December 15, 2011 , , ,

This is the question that is before Congress as it
decides on what to do with the Domain Name Server filtering provisions in the
Stopping Online Piracy Act (SOPA) and the Protect IP Act (PIPA).  Public
Knowledge has advocated from the beginning against this provision because it
would make the Internet less secure, sacrifice our moral high ground
internationally, and to top it off it will do nothing to deter Internet
piracy.  So while many would experience revulsion at the idea of adopting
any tool that is used in the Great Firewall of China, the proponents of SOPA
and PIPA have in fact, embraced it.

In a recent interview with
Variety
, Motion Picture Association of America Chairman and former U.S.
Senator Chris Dodd said “when
the Chinese told Google that they had to block sites or they couldn’t do
[business] in their country, they managed to figure out how to block
sites.”
  So in other words, since it worked in China, why not
the United States?  And despite all the opposition from government
agencies such as the Sandia
National Labs
, top experts
in cyber security
, think tanks such as the Brookings
Institute
 and the CATO
Institute
, former Bush Department of Homeland Security Assistant Secretary Stewart
Baker
, industry associations such as the Messaging
Anti-Abuse Working Group
 and
the Anti-Phishing Working Groupseveral
dozen organizations
 focused on human rights and freedom of the press,
and more than one million
Americans
, the DNS filtering provision lives on.

To
be crystal clear (because it seems we have to repeat this every time), there
are parts of SOPA and PIPA that have support from PK, such as cutting off
advertising revenue and financial payments to the worst of the worst criminal
actors overseas.   But rather than come to a reasonable conclusion,
proponents of DNS filtering have double down on the tools of censorship by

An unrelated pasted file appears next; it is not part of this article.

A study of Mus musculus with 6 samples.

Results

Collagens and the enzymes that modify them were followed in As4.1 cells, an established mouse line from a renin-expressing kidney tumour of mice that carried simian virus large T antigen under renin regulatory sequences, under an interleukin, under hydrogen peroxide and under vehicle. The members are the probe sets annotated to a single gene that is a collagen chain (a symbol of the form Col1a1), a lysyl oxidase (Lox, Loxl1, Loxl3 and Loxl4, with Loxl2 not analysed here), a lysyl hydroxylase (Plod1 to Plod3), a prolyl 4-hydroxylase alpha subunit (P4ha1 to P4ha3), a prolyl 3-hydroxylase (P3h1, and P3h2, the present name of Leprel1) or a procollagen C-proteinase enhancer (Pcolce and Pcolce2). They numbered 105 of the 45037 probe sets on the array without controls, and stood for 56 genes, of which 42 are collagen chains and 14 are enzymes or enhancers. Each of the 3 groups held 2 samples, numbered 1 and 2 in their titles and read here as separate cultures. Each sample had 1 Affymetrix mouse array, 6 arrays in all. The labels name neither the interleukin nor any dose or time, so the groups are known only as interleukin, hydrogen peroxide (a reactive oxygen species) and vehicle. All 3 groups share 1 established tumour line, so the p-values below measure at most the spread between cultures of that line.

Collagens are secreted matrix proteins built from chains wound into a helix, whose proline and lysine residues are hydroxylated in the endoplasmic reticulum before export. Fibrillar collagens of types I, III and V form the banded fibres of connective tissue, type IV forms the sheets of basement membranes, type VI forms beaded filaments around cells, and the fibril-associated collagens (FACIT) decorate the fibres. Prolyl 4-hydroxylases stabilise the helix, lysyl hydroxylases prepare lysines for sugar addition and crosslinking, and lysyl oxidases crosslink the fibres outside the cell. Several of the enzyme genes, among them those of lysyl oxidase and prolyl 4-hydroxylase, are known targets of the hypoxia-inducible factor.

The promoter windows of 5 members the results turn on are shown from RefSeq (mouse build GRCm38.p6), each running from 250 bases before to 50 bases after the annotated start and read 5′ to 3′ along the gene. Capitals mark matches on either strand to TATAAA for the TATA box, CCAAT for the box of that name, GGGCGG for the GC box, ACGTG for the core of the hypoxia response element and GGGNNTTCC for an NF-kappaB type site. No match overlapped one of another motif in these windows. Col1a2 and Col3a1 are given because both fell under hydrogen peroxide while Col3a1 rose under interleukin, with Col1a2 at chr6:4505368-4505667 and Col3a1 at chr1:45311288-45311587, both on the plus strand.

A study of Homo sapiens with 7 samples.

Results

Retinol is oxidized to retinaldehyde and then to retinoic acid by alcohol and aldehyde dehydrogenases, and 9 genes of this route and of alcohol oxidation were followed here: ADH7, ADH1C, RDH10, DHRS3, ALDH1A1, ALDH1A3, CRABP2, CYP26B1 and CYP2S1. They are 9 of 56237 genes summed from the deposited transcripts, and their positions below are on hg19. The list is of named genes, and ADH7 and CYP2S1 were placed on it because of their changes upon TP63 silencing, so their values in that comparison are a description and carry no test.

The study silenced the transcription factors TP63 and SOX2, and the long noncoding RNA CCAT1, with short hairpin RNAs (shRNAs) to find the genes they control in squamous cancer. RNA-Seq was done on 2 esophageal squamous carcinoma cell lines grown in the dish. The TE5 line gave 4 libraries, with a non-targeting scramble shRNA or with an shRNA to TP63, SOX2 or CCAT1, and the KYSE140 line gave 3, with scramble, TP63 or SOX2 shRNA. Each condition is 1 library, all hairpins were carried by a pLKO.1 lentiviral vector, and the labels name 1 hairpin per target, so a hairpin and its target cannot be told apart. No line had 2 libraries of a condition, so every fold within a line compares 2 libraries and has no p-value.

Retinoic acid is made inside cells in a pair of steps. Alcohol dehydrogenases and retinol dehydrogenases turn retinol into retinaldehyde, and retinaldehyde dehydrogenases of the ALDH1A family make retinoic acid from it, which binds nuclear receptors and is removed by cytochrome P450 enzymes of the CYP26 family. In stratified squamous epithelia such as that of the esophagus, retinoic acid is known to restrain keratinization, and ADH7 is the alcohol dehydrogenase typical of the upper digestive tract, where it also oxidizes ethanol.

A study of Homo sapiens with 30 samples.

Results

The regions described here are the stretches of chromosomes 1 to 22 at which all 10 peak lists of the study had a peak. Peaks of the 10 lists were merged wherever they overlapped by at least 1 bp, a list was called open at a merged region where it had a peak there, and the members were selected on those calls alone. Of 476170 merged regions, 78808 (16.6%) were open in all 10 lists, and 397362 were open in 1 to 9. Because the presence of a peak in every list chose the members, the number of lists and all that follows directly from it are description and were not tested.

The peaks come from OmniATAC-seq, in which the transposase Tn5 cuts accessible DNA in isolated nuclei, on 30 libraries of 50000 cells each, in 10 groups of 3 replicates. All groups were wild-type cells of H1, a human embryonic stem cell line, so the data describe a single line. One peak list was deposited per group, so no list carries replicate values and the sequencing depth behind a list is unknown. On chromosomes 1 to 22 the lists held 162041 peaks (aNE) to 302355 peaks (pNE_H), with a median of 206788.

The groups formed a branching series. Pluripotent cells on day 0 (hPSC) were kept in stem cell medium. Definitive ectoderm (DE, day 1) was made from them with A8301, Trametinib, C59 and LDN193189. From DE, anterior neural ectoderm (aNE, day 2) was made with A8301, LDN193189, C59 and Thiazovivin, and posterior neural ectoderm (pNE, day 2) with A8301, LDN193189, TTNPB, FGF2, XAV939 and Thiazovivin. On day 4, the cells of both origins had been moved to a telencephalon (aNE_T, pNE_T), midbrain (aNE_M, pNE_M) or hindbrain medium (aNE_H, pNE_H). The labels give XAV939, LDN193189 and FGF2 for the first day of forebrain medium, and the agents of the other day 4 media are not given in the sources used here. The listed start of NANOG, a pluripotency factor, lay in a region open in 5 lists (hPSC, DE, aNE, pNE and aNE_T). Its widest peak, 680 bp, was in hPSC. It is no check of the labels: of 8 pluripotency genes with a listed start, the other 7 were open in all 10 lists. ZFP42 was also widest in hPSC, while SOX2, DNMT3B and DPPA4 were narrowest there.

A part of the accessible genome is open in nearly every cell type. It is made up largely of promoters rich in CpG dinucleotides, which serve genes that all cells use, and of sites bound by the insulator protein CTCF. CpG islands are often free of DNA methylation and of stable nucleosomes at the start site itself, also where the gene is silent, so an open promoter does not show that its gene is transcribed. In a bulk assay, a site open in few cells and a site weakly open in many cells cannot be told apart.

arguing that they are in fact not the tools of censorship (despite every
censorship oriented regime in the world using them) and that they will in fact
be very effective at solving piracy.  Clearly the arguments of these
proponents must be based on empirical evidence if they feel so strongly about
Congress requiring DNS filtering to address Internet piracy.  So I invite
you to look at the evidence they have presented regarding the effectiveness of
putting in place DNS filters. 

In a
recent study popularized by the MPAA on Capitol Hill titled “PIPA/SOPA: Responding to
Critics and Finding a Path Forward,”
 a
rebuttal is issued to the argument that DNS filtering in the United States will
simply not deter piracy because people will migrate to non-filtered DNS systems
(which would create a serious cyber security problem).  The report
responds by saying it would be difficult for people to bypass filters because “users have a poor history of using these types
of tools in other countries where the government restricts access to certain
websites”
 and that only about “3 percent of Internet users” bypass
filters according to this
other study
.  Well clearly
something with a 97 percent track record is enormously effective and the United
States should absolutely adopt such a tool!  Right?

So
what countries belong to this list of 97 percent effectiveness cited in the
study supported by DNS filtering supporters?  They are the OpenNet Initiative’s list of 13 countries that engage in substantive
Internet filtering consisting of China, Iran, United Arab Emirates, Armenia,
Ethiopia, Saudi Arabia, Yemen, Bahrain, Burma (Myanmar), Syria, Turkmenistan,
Uzbekistan, and Vietnam.  Quite the club the United States would take one
step closer to joining by implementing DNS filtering, right?  So if I am
to understand the argument by the supporters of DNS filtering, it will work
because it worked well in these 13 countries.  

So
will Americans have an open and secure Internet network (these are not mutually
exclusive) or will Congress adopt the tools of censorship that undermine secure
Internet communications?  The answer to that question is up to the public
and their 535 elected officials.  So please call your Representative and
two Senators
 and
let them know where you stand on SOPA and PIPA.